AntiWar.com & Emily Shugerman / The Independent & Reuters – 2018-07-04 17:51:41
Trump to Tell NATO
US Won’t Be World’s Piggy Bank
NATO nations defend military spending
below US-demanded levels
Jason Ditz / AntiWar.com
(July 3, 2018) — Next week’s NATO summit in Brussels in going to be another round of pushes by US officials, led by President Trump, for other members to increase military spending. President Trump has been writing threatening letters making the rounds to those nations.
The long and short of the narrative is that the US cannot, and will not, be “the world’s piggy bank” in providing defense for all these other NATO nations who aren’t spending at the same level as the US.
Those other nations have long resisted US demands to get spending up to 2% of GDP annually. The resistance is likely to continue, with some nations already pushing back ahead of the summit, saying they are already spending at levels they feel comfortable with.
President Trump’s options are limited in pressing most of these NATO nations, who don’t have any real enemies on their frontiers, and don’t have the ability to increase their military spending substantially without breaking their budgets.
Belgian PM Charles Michel, one of the leaders who will be pressed to raise spending, downplayed Trump’s letter, saying it was “typical” of what happens ahead of NATO summits. That’s likely the case, and neither Belgium nor the others are likely to agree to such increases.
Trump Writes Threatening Tetters to NATO Leaders
Telling Them to Pay Up, Report Reveals
President sends pointed missives ahead of NATO summit in Brussels
Emily Shugerman / The Independent
NEW YORK (July 3, 2018) — Donald Trump has reportedly sent sharply worded letters to several NATO member countries, urging them to spend more on their self-defence, in an escalation of the US president’s long-standing feud with the military alliance.
In letters reportedly sent to leaders of NATO countries like Canada, Germany, Spain, and the Netherlands, Mr. Trump accused the allies of “underspending” on their national defence, and warned that the US may soon change its stance on the alliance.
“The United States continues to devote more resources to the defence of Europe when the Continent’s economy, including Germany’s, are doing well and security challenges abound. This is no longer sustainable for us,” Mr. Trump wrote in a letter to German Chancellor Angela Merkel, according to the New York Times.
A National Security Council spokesperson declined to comment on the record, but told The Independent on background that Mr. Trump remained committed to the alliance. He added that the best way to signal NATO’s resolve would be for every ally to “share their burden of our collective defence”.
Mr. Trump has long been critical of the 29-member alliance, claiming the US has been “taken advantage of” by countries that do not want to pay their fair share. But the letters show Mr. Trump has doubled down on this position going into the NATO summit next week — the first major summit since the contentious G7 meeting last month.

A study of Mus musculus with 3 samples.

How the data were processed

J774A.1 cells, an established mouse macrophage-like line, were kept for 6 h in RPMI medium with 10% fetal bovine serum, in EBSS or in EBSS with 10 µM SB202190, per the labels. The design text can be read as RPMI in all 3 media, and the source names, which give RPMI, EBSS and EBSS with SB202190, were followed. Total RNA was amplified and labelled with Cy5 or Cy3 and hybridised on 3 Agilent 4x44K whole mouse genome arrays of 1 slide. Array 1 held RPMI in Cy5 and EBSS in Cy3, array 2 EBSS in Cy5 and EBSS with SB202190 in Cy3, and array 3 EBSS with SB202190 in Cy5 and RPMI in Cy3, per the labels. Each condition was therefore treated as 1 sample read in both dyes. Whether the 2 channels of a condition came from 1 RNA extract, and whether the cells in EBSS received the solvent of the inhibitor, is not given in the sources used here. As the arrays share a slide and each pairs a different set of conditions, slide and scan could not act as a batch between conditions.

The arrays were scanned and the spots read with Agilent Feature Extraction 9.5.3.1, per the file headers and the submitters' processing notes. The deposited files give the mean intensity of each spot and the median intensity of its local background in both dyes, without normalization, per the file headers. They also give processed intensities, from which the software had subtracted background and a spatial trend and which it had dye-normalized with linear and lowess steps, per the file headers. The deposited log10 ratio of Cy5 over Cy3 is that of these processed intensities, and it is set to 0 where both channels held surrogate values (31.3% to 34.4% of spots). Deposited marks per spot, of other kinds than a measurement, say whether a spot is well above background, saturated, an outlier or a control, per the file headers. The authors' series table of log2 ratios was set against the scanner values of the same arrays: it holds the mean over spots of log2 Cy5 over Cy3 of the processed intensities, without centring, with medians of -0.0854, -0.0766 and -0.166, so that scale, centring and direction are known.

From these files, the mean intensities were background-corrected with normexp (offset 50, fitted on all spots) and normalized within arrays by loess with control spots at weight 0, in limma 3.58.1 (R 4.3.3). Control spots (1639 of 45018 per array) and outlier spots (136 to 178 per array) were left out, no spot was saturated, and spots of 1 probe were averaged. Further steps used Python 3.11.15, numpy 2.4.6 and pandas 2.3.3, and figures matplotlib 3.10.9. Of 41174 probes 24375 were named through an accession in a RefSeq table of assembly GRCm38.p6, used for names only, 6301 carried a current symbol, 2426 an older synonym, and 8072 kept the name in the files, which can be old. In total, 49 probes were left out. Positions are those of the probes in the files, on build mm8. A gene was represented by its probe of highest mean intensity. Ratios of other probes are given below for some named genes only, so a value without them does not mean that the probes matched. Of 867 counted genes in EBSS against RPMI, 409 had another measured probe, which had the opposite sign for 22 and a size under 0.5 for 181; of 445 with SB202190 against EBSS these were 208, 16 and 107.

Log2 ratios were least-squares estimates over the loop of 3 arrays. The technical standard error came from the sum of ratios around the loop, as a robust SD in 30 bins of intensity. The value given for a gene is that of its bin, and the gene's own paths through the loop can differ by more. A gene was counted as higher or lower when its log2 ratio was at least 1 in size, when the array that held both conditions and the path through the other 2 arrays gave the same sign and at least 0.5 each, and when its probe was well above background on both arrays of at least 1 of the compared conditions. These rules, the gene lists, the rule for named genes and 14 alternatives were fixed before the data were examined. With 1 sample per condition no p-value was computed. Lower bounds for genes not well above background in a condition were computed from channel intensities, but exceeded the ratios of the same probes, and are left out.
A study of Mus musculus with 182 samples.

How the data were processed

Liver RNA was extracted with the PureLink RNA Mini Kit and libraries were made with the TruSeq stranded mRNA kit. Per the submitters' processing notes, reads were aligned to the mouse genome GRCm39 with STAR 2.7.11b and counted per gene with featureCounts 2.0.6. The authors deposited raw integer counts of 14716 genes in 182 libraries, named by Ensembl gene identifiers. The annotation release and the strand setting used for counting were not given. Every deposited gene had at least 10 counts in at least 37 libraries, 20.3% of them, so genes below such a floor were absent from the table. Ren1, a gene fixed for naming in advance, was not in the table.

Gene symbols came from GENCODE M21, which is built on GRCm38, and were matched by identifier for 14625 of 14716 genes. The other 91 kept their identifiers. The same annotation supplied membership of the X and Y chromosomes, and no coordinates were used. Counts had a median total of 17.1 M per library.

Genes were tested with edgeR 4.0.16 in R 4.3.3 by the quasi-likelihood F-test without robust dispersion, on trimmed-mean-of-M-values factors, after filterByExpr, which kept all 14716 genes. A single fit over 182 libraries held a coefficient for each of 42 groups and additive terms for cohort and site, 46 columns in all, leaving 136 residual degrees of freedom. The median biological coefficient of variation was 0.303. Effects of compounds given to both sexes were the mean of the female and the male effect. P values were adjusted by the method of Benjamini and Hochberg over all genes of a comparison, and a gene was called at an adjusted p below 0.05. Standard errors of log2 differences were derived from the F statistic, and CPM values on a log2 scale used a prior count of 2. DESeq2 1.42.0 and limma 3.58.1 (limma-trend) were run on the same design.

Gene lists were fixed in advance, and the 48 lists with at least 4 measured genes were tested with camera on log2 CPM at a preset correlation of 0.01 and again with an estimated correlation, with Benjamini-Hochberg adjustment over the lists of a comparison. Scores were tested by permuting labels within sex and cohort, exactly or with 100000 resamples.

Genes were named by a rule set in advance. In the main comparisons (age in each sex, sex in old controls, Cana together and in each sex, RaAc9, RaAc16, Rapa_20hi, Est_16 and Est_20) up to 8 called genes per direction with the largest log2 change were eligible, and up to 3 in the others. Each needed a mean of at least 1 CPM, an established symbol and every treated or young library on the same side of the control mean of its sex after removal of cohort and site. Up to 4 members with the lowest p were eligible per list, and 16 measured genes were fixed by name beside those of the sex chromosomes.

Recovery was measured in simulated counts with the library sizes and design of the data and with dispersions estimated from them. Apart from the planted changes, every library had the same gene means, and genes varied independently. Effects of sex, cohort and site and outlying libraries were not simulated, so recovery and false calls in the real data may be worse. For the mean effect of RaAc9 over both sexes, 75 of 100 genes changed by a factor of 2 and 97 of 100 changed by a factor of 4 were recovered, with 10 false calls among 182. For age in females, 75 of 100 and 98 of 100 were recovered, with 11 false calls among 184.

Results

The NATO allies agreed in 2014 to spend more on their own national defence, aiming to eventually contribute two per cent of their GDP to the effort. Many members countries say they are still working towards that goal, and are frustrated by Mr. Trump’s threats.
Norwegian Defence Minister Frank Bakke-Jensen told the Associated Press that his country is “following up” on the 2014 agreement, adding that Norway has spent “far beyond” NATO’s target for spending on new military equipment.
Belgian Prime Minister Charles Michel, meanwhile, told reporters last week he was “not very impressed” by Mr. Trump’s letter.
“Belgium has halted the systematic fall in defence spending and takes part in a lot of military operations,” he said, according to German broadcaster Deutsche Welle.
Germany announced earlier this month that it would increase its defence spending to one-and-a-half per cent of its GDP by 2024, prompting US Defence Secretary James Mattis to say they were “on the right track”.
But Mr. Trump criticised Ms Merkel in his letter last week, saying it was difficult to justify why some countries “do not share NATO’s collective security burden” while American soldiers “continue to sacrifice their lives overseas or come home gravely wounded,” according to the Times.
The letters come after Mr. Trump sparred with members of the Group of 7 at a summit last month, refusing to sign a joint communique and calling Canadian Prime Minister Justin Trudeau “dishonest and weak”. Many of those same leaders with be present at the NATO summit in Brussels next week, after which Mr. Trump will meet with Russian President Vladimir Putin — a major NATO foe.
In an interview with CBS last week, national security adviser John Bolton attempted to steer the conversation away from the Russia summit, saying: “If you think Russia’s a threat, ask yourself this question: Why is Germany spending less than 1.2 per cent of its GNP?”
“When people talk about undermining the NATO alliance, you should look at those who are carrying out steps that make NATO less effective militarily,” he added.
Trump Will Tell NATO Nations
US Cannot Be the World’s Piggy Bank
ABOARD AIR FORCE ONE (July 3, 2018) — President Donald Trump will tell fellow NATO countries at next week’s summit that the United States cannot be “the world’s piggy bank,” White House spokesman Hogan Gidley said on Tuesday.
“What the president is going to do is go into these meetings with the mindset to protect the American people, stand with our partners and allies — but as he has said many times before America is thought so often to be the world’s piggy bank. And that’s gotta stop,” Gidley told reporters as Trump flew to West Virginia. Trump has pressured some NATO allies to significantly increase military expenditure.